My mother was diagnosed with Parkinson’s disease about 15 years ago. Sadly a minority of these patients go on to develop dementia and my mother is one such person. One of the many problems we experienced as a family was in realizing that dementia had actually set in. Since my mother had always been a strong, intelligent, highly opinionated and independent lady we never suspected that she was making bad choices that would later come back to haunt her. Looking back now it is clear to see that her decision making abilities were compromised way before there was any mention of dementia from her doctors.
As far as I understand , and I am not an expert by any means, there are different types of dementia. In my mothers case she primarily seems to have an altered sense of reality. She believes things that are simply not true, for example that my sister is a drug addict. It often seems to me that all of the fears she had for us while we were growing up she now believes have come to pass. Hence the belief that we are involved in drugs, associating with bad people, doing badly financially and generally up to no good. I remember one very sad consultation with a doctor, tears streaming down her face as she told him that all her children had turned out badly.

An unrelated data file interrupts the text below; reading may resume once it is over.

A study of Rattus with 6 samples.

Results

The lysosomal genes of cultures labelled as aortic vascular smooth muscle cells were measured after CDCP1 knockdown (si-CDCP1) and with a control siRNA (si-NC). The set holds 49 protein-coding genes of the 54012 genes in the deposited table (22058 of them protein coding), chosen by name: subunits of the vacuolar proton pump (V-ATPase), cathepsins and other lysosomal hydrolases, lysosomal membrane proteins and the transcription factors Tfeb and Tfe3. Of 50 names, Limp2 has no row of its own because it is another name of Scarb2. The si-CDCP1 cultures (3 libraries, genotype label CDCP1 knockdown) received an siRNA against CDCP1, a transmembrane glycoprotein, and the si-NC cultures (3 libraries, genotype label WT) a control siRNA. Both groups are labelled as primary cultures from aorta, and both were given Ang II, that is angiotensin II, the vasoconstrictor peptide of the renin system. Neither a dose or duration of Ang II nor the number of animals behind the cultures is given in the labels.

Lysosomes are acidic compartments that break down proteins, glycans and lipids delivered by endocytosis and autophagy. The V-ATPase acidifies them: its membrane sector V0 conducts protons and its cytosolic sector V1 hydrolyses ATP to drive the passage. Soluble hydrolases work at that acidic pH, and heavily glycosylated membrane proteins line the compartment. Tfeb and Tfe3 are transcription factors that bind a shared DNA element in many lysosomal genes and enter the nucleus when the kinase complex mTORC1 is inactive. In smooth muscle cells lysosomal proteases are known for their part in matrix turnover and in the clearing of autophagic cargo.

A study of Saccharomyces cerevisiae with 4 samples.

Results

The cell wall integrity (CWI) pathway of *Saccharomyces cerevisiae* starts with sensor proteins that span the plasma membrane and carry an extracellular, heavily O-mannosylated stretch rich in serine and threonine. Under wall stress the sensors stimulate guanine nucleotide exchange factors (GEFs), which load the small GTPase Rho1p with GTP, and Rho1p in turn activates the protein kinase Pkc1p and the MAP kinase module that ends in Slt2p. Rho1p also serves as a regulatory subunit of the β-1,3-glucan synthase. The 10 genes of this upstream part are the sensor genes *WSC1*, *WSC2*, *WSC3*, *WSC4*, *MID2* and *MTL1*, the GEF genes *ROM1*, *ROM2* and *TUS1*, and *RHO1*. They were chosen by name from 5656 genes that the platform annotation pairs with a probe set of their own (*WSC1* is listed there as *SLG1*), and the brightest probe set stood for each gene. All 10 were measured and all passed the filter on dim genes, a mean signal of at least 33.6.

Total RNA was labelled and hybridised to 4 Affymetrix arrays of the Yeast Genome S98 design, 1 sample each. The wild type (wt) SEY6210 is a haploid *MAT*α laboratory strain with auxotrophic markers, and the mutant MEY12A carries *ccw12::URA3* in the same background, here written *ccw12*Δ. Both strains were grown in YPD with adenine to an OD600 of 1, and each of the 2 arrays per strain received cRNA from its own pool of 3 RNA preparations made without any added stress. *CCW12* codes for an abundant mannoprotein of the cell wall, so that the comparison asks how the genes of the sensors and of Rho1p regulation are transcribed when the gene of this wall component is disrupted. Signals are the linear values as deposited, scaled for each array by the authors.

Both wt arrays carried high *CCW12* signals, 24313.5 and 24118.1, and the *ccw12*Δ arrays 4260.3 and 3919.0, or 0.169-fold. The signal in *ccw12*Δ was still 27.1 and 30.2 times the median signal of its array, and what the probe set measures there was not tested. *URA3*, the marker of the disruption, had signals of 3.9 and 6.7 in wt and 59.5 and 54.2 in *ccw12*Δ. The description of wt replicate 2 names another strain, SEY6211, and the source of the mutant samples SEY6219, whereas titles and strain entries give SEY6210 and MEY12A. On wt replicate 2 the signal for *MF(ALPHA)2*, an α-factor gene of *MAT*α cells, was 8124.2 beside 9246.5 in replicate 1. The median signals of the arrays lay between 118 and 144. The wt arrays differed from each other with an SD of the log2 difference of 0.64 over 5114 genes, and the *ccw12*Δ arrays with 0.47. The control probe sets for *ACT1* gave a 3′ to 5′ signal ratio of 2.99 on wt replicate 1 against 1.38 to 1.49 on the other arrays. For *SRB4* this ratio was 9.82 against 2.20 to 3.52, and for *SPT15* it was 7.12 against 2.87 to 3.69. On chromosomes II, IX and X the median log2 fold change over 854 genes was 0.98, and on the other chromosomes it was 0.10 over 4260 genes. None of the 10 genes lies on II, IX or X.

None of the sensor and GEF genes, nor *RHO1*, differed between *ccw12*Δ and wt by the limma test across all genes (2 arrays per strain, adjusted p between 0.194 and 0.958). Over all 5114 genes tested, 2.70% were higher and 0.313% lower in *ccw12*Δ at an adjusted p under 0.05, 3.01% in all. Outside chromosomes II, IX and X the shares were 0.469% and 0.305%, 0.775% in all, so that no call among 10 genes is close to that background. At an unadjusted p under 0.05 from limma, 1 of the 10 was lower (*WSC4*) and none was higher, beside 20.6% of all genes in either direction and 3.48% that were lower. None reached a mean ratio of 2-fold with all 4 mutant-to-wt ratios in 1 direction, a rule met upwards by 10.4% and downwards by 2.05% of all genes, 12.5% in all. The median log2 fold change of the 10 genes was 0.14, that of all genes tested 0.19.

My mother is now in residential care where she is really well looked after. She is rarely cheerful but she knows everybody in the family and basically has not lost her long term memory. She can speak well about the past. With day to day situations she finds it difficult to articulate her meaning. Conversation can be problematic as she has difficulty understanding simple concepts. She is confused and upset quite a bit. She believes the staff take her belongings and she is in a permanent state of suspicion. But then there are moments of lucidity. A couple of months ago she spoke about the years following my fathers death. She explained how the first year after his death was difficult but that she had expected things to improve from then on. She found however that the second year was worse than the first because her expectation of feeling better wasn’t realized so celebrations such as birthdays, Easter etc were more painful as time went by. Its such a bizarre disease that a person cannot cope with a simple task such as arranging a hair appointment but can speak eloquently on an abstract concept like failed expectations.
I feel very sorry that at the end of her life when she could be surrounded by a large family and network of friends she is a sad ,disappointed and suspicious person. Dementia has stolen her happiness, few people deserve this.